Yesterday I made vanilla sauce to go with an apple pie. I used about 2 dl milk, 3 egg yolks and some sugar. I whisked it in a double boiler maybe too vigourously, because there were tiny bubbles of air in the finished sauce. It reached to correct consistency and otherwise was completely fine, but I would think vanilla sauce should have a relatively thick, rich consistency without any bubbles in it.
How can I do it better next time? Would heavy cream help? Should I not use a whisk and just stir with a spoon? How big of a risk is it that my sauce will curdle if I don't use a whisk?
You could fold with a heat-safe silicone spatula, that will let you reach the whole surface of the pan so you don't get scorching, without introducing so many bubbles.
Or if you happen to have a vacuum machine, put your sauce in a bag after you make it and vacuum out all of the air. Voila, bubbles gone.
This question has answers which explain the difference between vanilla essence and vanilla extract, and which tell you when you may want one over the other - if I am correct in thinking that "vanilla essence" is the same as "vanilla flavouring"? My question is - in baking where colour is not an issue, how do I substitute one for the other? For example in a recipe that asked for 1tsp of extract, how much essence would I use in it's place?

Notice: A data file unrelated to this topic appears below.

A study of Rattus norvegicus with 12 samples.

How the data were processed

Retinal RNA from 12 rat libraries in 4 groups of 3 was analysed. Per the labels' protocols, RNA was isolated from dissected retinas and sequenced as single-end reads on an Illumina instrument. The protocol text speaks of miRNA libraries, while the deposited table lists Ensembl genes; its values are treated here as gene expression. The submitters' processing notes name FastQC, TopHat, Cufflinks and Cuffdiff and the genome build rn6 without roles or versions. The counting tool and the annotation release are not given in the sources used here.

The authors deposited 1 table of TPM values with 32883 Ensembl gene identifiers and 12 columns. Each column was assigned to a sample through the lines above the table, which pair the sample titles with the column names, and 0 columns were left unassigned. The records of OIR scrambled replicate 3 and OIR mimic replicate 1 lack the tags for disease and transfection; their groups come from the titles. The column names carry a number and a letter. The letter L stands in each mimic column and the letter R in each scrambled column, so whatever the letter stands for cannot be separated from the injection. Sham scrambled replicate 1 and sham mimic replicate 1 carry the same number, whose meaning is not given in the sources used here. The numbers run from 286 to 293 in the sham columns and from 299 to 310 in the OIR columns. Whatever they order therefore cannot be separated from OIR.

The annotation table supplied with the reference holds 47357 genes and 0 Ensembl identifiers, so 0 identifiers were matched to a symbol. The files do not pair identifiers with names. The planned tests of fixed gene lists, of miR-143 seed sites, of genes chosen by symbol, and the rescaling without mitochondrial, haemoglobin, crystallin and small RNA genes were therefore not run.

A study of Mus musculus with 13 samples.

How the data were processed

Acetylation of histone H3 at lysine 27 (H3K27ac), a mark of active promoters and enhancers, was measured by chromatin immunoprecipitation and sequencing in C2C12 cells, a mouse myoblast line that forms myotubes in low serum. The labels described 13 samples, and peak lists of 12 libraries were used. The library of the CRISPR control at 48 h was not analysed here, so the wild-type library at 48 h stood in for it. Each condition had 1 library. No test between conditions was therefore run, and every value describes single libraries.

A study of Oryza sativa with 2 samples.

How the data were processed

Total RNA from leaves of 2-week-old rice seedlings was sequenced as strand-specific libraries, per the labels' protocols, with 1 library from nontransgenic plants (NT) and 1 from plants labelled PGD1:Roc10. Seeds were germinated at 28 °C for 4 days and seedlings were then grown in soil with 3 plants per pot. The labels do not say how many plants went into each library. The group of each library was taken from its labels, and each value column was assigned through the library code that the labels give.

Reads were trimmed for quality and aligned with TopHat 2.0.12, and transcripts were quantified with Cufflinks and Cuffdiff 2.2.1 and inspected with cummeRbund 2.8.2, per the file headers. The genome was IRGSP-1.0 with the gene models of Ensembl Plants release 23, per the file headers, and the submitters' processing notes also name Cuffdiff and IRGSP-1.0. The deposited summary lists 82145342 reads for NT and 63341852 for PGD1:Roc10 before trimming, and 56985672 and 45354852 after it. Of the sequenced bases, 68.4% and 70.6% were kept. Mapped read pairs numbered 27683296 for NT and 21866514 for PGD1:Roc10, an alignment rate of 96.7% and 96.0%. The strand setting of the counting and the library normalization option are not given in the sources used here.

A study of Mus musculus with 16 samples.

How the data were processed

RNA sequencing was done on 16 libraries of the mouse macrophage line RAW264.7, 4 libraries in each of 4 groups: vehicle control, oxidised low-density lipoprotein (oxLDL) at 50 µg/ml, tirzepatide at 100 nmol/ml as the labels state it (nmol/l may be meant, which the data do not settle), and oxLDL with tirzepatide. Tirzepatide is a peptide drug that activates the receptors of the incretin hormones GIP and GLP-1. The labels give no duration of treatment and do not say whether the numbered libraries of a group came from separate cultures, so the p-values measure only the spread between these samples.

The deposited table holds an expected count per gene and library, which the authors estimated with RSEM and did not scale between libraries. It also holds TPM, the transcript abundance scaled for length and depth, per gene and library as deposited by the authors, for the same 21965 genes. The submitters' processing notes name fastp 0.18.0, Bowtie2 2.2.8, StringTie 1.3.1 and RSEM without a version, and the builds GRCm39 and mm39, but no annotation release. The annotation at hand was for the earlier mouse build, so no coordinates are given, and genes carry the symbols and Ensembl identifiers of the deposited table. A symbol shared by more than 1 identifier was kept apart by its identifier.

I am making cakes, and mostly chocolate cakes. But under certain conditions, instead of taking a nice bread texture (soft and with air bubbles), it turns into a kind of jelly (compact, a little bit translucent and without air bubbles). Needless to say, I dont want my cakes to turn into jelly because it is not good at all. So I am interested to know under what circumstances the cakes turns... of the dish matters) You use a non-thermal oven Do you have the same issue ? Am I correct and how do you fix the problem ?
I have some teriyaki glaze and baste, but my recipe calls for teriyaki sauce. Can I use this and just add some soy sauce to it to "water" it down. Currently it is the consistency of ketchup, but it should be like soy sauce, a liquid. I guess my question is, can I turn teriyaki glaze and baste back into teriyaki sauce?